AARP Eye Center
Montez Miller didn’t hesitate to join the crowd when she heard that her favorite speaker would be headlining an AARP Michigan event.
She, along with about 400 other viewers, merely jumped online for Ready, Set, Go!, motivational coach Geneva Williams’ workshop on setting goals for 2021. Questions and comments in the on-screen chat area provided camaraderie and a chance to converse with Williams.
“The program was very uplifting, and the conversation was awesome,” said Miller, 61, a photographer and videographer from Oak Park. “Virtual events like this give people the opportunity to have an experience and still remain safe.”
AARP Michigan’s shift to online offerings during the coronavirus pandemic has been so successful it plans to hold virtual activities even after it’s safe to resume in-person events.
“At first it was scary,” said Paula Cunningham, AARP Michigan’s state director. “We started by offering crucial COVID-related information, but after a while, people wanted balance and to hear about other things.”
From do-it-yourself projects to diabetes education to beer tasting to Black history, AARP programs are available at the click of a mouse or smartphone button.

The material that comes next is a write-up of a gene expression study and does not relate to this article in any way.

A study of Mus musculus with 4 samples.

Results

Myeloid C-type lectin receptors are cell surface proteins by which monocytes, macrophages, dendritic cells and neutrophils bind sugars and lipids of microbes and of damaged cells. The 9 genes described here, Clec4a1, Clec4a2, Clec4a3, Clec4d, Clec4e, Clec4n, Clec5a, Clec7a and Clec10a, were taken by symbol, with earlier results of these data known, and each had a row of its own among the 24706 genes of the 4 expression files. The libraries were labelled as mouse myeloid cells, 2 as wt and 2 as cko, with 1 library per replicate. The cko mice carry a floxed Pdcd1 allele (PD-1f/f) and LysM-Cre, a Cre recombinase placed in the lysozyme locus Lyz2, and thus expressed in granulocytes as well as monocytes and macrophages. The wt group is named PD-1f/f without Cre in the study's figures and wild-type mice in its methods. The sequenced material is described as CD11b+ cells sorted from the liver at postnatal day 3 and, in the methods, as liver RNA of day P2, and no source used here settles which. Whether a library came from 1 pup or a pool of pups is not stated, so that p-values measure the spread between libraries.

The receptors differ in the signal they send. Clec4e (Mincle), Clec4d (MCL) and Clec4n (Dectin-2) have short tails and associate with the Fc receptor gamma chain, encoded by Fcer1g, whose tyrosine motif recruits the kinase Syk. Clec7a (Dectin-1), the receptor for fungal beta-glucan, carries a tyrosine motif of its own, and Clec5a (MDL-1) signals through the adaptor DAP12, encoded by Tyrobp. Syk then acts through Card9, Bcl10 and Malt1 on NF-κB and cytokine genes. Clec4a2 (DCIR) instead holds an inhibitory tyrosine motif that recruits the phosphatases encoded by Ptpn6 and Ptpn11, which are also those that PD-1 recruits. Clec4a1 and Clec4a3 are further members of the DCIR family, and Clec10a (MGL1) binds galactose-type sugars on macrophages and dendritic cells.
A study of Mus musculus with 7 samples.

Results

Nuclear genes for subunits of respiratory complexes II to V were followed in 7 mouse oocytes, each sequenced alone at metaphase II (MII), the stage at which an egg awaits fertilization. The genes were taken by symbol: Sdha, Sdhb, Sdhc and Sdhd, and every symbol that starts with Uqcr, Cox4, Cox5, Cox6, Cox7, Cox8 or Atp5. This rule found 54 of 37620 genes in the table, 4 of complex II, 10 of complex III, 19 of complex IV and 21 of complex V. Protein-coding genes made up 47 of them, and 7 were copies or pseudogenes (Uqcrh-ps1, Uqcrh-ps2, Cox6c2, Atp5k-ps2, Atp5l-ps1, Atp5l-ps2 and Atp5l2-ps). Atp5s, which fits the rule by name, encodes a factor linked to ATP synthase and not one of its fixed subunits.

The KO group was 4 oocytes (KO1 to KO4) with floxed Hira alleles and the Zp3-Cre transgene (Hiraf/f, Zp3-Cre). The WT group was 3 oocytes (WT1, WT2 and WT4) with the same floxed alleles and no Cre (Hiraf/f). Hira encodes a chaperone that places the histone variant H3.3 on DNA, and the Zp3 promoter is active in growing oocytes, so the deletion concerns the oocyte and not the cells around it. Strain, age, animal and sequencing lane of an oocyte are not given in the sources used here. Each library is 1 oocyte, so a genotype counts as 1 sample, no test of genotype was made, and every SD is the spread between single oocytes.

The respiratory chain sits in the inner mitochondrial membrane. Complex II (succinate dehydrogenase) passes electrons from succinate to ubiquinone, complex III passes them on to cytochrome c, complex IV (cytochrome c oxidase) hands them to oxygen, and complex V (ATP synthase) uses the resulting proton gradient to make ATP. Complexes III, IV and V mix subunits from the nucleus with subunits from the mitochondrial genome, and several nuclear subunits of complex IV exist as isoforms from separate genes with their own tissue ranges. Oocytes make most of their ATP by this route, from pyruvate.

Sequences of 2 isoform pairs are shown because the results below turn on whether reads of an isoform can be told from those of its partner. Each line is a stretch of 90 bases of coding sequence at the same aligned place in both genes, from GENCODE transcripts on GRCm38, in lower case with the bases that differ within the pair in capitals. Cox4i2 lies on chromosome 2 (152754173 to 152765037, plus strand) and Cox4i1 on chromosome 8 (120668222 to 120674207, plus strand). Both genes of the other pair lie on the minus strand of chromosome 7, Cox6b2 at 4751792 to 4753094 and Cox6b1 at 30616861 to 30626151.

Incorporating many of the themes and features of workshops offered in person, the digital events reach people who formerly couldn’t attend because of distance, disability, scheduling and other issues, said Karen Kafantaris, associate state director for AARP Michigan. AARP staffers have worked hard to avoid redundancy and to conceive fresh, diverse topics.
“Even for a knee-replacement seminar, we had 400 people,” Kafantaris said.
Beer, food and more
Six to eight events are live-streamed each month and recorded for on-demand viewing. People can engage with the presenters, usually by typing questions and comments into the chat areas on platforms like Facebook and YouTube.
About 50 volunteers help manage the chats, and some others even enter the spotlight. Last year, AARP staff filmed retired civil engineer Jim Kirschensteiner, 75, of Lansing, building a simple raised garden bed. The video was such a hit they presented it again in March, with Kirschensteiner online to narrate and answer questions.
Some 600 people registered for the event and hundreds more watched the replay.
“For things like this, an edited video actually is even better than in person,” Kirschensteiner said. “Who wants to watch me sawing up two-by-fours? This way we can edit out the boring parts.”
The virtual events are free and open to the public, and don’t require an account with Facebook or any other platform.
Upcoming programs include a beer-and-food pairing, on Tuesday, June 22, at 6 p.m., and a fall gardening class, on Thursday, July 22, at 11 a.m. Monthly music sessions take place the fourth Saturday of every month at 11 a.m., including June 26.
Plans for later in the year include a HomeFit workshop on ways to age-proof your residence and a caregiver support session in November, National Family Caregivers Month.
For a complete list of events, go to aarp.org/mi or call 866-227-7448.
Melissa Preddy is a writer living in Plymouth.